LANSING, Mich. — Advocates for survivors of catastrophic auto crashes have for months warned that Michigan's no-fault auto reform law would negatively impact access to medical care many of them need to survive.
With the most recent portion of Michigan's no-fault auto insurance law going into effect on July 2, insurance companies don't have to reimburse care providers the way they had been.
Any medical service not already covered under our federal Medicare law, which includes in-home caregivers, will now only be reimbursed by insurance companies at 55 percent of what they were back in 2019. The law also caps the number of hours that family members can provide care to just 56 hours a week.
According to the Michigan Brain Injury Provider Council 696 patients have already lost access to medical care.
At least 41 Michigan-based care companies have had to either close their doors completely or discharge patients receiving benefits via no-fault auto insurance. There have been at least 1,529 health care jobs lost because of the changes, according to the MBIPC.
"There's a thin line between life and death for many of these people,” said Peggy Campbell, founder of the We Can't Wait Facebook page.
“This is just the tip of the iceberg... This is just starting to crumble all around us.”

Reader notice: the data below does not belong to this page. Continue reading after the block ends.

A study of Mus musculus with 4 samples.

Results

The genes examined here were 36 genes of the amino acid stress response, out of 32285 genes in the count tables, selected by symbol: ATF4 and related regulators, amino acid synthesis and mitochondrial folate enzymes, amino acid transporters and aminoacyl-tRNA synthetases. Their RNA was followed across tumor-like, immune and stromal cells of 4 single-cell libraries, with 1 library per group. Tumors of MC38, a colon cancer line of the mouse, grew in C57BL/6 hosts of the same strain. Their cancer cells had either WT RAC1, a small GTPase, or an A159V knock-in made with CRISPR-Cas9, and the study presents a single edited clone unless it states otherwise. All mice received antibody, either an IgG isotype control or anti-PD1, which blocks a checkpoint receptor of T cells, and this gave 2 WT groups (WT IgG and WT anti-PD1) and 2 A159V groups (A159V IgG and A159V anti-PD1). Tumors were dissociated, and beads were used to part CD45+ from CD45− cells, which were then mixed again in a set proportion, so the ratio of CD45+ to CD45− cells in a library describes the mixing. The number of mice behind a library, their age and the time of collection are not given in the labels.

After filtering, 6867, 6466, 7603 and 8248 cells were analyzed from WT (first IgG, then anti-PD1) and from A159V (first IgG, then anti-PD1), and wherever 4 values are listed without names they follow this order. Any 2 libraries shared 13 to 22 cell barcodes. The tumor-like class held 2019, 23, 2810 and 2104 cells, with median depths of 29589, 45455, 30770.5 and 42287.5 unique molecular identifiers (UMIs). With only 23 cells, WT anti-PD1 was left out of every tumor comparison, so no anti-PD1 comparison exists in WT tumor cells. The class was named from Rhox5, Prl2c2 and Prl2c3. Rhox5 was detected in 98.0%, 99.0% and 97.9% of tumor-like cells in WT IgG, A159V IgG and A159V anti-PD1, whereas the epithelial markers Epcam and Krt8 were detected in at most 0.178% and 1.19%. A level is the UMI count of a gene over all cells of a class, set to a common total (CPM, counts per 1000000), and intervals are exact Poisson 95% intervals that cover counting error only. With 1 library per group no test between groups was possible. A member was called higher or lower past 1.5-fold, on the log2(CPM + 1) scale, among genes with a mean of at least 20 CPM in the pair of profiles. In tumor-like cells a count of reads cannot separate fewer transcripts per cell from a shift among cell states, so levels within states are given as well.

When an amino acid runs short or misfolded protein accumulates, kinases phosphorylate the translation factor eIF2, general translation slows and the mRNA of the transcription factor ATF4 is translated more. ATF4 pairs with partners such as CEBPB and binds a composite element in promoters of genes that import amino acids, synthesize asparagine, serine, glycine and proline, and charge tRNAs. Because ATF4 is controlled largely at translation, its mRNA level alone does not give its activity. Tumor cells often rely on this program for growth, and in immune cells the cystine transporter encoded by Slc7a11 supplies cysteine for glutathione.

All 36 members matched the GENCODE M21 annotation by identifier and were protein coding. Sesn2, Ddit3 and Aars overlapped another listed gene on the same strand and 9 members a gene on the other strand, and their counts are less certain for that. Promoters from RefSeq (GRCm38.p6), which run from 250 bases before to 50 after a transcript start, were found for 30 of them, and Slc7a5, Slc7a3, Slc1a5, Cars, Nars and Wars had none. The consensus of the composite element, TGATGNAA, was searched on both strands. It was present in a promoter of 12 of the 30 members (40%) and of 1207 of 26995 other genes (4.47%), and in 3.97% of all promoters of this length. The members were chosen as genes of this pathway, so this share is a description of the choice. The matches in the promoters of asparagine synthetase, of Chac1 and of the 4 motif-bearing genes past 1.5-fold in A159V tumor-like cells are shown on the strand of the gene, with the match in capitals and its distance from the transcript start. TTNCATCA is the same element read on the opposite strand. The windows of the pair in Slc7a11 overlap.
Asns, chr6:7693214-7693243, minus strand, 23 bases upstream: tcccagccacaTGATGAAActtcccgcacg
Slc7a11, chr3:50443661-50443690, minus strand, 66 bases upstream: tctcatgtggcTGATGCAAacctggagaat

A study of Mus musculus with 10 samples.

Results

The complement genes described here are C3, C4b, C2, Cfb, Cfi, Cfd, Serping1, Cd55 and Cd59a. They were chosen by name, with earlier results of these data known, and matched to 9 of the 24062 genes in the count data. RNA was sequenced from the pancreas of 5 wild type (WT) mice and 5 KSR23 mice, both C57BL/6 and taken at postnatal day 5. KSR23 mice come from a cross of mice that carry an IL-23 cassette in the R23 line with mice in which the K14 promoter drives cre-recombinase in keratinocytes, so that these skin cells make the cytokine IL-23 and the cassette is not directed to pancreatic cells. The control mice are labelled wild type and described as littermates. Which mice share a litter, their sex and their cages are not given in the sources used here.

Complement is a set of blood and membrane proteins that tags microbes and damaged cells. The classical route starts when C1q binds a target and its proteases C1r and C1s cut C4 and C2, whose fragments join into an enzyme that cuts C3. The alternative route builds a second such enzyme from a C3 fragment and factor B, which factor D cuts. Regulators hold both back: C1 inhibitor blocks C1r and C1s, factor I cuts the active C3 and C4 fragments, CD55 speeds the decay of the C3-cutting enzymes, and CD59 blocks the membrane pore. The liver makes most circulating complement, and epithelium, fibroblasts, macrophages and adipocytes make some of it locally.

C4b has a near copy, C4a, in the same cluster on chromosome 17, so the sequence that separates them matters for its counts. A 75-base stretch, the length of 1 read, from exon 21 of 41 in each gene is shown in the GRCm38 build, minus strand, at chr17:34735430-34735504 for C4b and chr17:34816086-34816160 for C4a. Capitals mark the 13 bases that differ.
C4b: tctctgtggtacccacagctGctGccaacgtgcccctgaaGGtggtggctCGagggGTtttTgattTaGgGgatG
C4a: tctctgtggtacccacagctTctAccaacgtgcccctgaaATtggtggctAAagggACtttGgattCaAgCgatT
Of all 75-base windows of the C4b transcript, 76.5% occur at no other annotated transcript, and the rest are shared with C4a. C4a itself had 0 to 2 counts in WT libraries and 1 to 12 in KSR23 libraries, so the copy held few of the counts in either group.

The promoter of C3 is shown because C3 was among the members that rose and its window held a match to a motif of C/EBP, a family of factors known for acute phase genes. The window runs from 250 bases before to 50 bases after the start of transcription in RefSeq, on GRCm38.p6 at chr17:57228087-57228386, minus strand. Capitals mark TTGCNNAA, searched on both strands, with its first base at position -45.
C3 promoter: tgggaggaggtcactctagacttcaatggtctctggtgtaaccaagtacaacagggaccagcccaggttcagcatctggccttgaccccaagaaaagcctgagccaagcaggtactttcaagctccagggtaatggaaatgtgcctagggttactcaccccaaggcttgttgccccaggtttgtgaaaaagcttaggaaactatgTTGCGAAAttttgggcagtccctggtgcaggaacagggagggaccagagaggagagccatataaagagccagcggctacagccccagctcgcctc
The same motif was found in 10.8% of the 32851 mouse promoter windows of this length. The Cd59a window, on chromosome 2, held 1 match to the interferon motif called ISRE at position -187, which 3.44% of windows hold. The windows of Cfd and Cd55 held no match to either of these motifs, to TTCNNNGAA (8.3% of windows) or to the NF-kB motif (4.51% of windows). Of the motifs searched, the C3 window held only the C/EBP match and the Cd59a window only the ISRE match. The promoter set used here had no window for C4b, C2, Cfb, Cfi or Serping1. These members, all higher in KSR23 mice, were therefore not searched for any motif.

Campbell has long advocated for her own sister, Dr. Barbara Schoen, who was injured years ago in an auto crash and is now a University-level associate professor.
The changes mean survivors like John Wicke of Lansing, who has long been able to live at home because of his caregivers, now can't find care companies willing and able to take him on as a permanent client.
“They don't want to take him if there's going to be a 45 percent reduction in their pay," said Sonja Hoxie, Wicke's case manager, who is desperately trying to nail down permanent plans moving forward for him.
“Because he requires 24/7 nursing, and 24/7 home health aides... I guess as a business owner, it's a risk.”
They have found a facility in Lansing willing to accept Wicke for the time being, but the future of his care and the care of the other 16,000–18,000 Michiganders receiving benefits from no-fault remains up in the air.
Lawmakers did end up creating a $25,000,000 fund to help buoy care providers who stay open and can prove the cuts are hurting their finances, though applications to actually get some of that money won't open until Aug. 13. Advocates say it simply won't be enough to stop many providers from having to close their doors.
While there were several bills introduced into the state legislature that offered a narrow fix to the fee changes, lawmakers failed to act on any of them prior to going on their summer recess.
The hope now is that they will see the negative impact the changes have caused once they do return to session, and at that time, make a legislative fix that maintains access for all those receiving no-fault auto insurance benefits in Michigan.